This is the second part in a series that tells a story about anxiety and Christian women. To start at the beginning, click here.
Have you heard the term triggers before?
Emotional triggers can be anything that sets you off, both good and bad. Sometimes they can be small things such as a comment someone made that you interpreted differently or they can be much bigger events.
For me and my story in dealing with my anxiety, there are a few notable events that have happened over the past six years that should have set off red flags but because I was in such a pattern of stuffing down, I didn’t give them the attention they needed.
Ironically enough, it hasn’t been until this year when I have finally started to deal with the root causes of my anxiety through counseling did I even consider them to even be triggers.
For me, the major events that sent my anxiety into overdrive were:
- the possibility of a diagnosis for my daughter when I was pregnant with her
- the death of my father from a swift-moving cancer which I never really got a chance to grieve for because a month later, we discovered I was pregnant with our third
- a week-long stint at the NICU after my third was born
and most notably…
- a car accident that involved me and my oldest child last December.
The death of my father and the car accident were obvious to me as traumatic events but it wasn’t until a counseling session earlier this summer did I realize the impact of some of the other events.
I didn’t allow myself the time to grieve, to process, to dig deep and understand why these events were traumatic to me.
If you were sensing a theme in my struggle with anxiety, you would be right.
I’m a stuffer.
I stuff or suppress, emotions down deep because it feels safer to do that than to deal with them. The problem with that is they always come back up to the surface and boil over.
And boil over they did.
The week after Christmas I broke out into what I now know to be stress hives. For almost two weeks, intensely itchy and burning patches of hives would pop up and spread all over my body, then disappear after a few hours only to come back again.
At first, I thought I possibly ate something that was giving me an allergic reaction. Or maybe it was the new lotion I started to use? But slowly after we ruled out possibilities and turned to good old Google 😉the veil was lifted from my eyes.
My body was physically responding to not only the trauma and stress from the car accident but to years of suppressed emotions I had stuffed down.
My pot didn’t just boil over, it completely overflowed.
And God finally used my emotional breakdown to start seeing that my anxiety isn’t something I could stuff down anymore.
I needed to give it a voice, to recognize it for what it was, and finally start dealing with those emotions so I could start healing.
My triggers were somewhat dramatic but I bet if you suffer from anxiety, you can probably see your triggers as well… if you open your eyes and honestly look.
But that’s painful, isn’t it?
It’s easier to put the smile on our face and act like everything is OK then risk our pot to overflow with all the messy junk in our lives.
Recently, I have been reading Growing in Gratitude by Mary K. Mohler (an excellent book by the way) and she points to Paul.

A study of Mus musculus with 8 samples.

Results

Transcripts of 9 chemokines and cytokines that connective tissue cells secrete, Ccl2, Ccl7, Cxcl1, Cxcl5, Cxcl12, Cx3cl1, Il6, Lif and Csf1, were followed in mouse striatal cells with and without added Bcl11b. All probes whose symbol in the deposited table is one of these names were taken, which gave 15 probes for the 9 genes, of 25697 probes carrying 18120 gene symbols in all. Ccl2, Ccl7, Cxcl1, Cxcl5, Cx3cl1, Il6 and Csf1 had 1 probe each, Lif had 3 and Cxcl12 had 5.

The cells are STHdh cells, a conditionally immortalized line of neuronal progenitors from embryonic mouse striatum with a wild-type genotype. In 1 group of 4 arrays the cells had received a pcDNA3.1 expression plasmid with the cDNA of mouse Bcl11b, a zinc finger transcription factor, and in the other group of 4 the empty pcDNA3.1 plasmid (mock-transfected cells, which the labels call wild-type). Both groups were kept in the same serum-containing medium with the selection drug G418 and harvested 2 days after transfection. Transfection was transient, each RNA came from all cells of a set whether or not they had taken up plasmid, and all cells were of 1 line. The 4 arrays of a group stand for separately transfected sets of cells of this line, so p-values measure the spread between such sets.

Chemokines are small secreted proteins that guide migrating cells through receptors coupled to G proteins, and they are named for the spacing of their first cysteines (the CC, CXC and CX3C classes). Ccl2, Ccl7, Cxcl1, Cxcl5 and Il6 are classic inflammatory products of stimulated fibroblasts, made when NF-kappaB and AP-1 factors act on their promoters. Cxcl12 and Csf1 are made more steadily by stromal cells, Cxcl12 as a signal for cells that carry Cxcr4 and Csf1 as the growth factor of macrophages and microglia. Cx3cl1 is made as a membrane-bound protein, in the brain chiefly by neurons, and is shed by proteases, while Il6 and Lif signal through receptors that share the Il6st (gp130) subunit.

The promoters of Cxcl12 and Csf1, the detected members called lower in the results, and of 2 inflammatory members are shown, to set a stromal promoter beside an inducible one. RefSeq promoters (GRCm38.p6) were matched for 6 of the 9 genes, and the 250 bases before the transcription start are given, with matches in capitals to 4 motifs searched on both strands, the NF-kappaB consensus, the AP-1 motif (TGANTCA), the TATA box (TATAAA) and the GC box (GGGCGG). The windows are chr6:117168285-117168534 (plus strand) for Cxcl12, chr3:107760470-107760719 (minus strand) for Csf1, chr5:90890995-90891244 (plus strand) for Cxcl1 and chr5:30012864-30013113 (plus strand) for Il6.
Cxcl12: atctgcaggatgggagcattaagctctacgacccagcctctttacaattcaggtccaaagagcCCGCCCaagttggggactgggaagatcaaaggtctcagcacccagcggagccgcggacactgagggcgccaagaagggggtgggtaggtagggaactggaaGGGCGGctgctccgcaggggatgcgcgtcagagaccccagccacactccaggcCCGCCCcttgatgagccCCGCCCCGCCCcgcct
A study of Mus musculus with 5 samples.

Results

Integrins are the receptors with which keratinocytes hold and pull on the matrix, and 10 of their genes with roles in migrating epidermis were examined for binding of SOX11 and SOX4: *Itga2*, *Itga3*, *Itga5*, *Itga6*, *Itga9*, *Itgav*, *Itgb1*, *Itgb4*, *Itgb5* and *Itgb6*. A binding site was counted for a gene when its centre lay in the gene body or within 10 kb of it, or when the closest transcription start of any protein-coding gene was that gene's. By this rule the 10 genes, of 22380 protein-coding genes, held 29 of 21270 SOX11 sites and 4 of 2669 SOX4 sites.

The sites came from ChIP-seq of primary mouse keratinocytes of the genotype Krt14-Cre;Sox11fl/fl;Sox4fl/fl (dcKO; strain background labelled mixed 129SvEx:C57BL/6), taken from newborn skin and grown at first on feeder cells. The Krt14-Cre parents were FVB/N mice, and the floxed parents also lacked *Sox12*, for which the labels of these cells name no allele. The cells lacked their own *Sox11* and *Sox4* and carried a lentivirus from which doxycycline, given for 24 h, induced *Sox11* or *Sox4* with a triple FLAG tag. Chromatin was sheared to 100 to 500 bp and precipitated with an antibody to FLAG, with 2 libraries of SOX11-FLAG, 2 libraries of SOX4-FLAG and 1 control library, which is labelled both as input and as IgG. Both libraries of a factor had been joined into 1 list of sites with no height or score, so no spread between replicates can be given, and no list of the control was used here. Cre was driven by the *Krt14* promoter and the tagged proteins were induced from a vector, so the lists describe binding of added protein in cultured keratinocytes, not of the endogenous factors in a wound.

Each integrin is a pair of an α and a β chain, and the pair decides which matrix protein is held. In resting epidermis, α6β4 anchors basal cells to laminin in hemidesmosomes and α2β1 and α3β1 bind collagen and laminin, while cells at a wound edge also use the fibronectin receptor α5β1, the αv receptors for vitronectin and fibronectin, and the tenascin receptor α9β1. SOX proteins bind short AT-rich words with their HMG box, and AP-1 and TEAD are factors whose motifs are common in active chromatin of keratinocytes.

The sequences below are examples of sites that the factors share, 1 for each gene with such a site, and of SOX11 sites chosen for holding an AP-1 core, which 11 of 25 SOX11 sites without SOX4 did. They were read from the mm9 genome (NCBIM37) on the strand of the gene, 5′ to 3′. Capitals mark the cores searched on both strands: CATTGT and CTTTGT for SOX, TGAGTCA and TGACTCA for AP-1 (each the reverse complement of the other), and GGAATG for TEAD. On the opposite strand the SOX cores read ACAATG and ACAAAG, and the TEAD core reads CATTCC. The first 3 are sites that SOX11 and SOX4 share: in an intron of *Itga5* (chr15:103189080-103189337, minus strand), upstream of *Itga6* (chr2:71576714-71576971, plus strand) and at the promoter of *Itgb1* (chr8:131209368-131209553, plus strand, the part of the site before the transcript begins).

Specifically, his asking of the Lord to remove the thorn in his flesh three times. But a few breaths later, he says:
But he said to me, “My grace is sufficient for you, for my power is made perfect in weakness.” Therefore I will boast all the more gladly of my weaknesses, so that the power of Christ may rest upon me. For the sake of Christ, then, I am content with weaknesses, insults, hardships, persecutions, and calamities. For when I am weak, then I am strong. ~ 2 Corinthians 12:9-10
We do not know the specifics of Paul’s thorn but we can probably see the thorn we are inflicted with.
For me, it’s anxiety.
But through my healing journey this year (which I’ll share more about tomorrow) I have developed a greater understanding of my thorn.
In Growing in Gratitude, Mary K. Mohler says this of 2. Corinthians 12:9-10:
Yes, this is the same thorn we read about when Paul asked the Lord three times to remove it. And yes, Paul comes to a point where he is content with it. Yet his contentment and even boasting of it shows Paul’s understanding that the weakness the thorn produces is used by the Lord to show power. He gives us strength when we feel weak. He is accomplishing His purposes in ways that our minds cannot understand. He will be glorified — and He is always working all things for our good (Romans 8:28).
This goes in line with something my counselor told me earlier this summer…
Be grateful for your anxiety.
At first, it took me a while to work through that thought but now my eyes are beginning to see how God has been working through me in my struggle with anxiety.
Later on, in the same chapter, Mary K. Mohler says:
There must be a value in the thorn because, otherwise, God would not allow it to exist. He makes no mistakes. He is never mean-spirited or unkind. He sent His only Son to purchase our redemption. We are His!… We trust the heart of our all-knowing, all-loving, all-powerful God even when we don’t understand His purposes. We must trust Him and keep praying, even with groans.“
I do not know if I will ever be completely free of my anxiety this side of Heaven but since I have moved from a place of stuffing and denying, into a place of acceptance and healing, I can clearly see God’s hand at work in my life and in my thorn now.
It’s still a struggle, some days I feel the anxiety rising to the surface but instead of pushing it back down, I now have the tools to recognize it for what it is.
I can finally say I am thankful for my anxiety because even through all of the fear, doubt, and lose, I can see God with me always.
Tomorrow, I’ll continue my story and share specifically the practical steps I have been taking to my road of healing.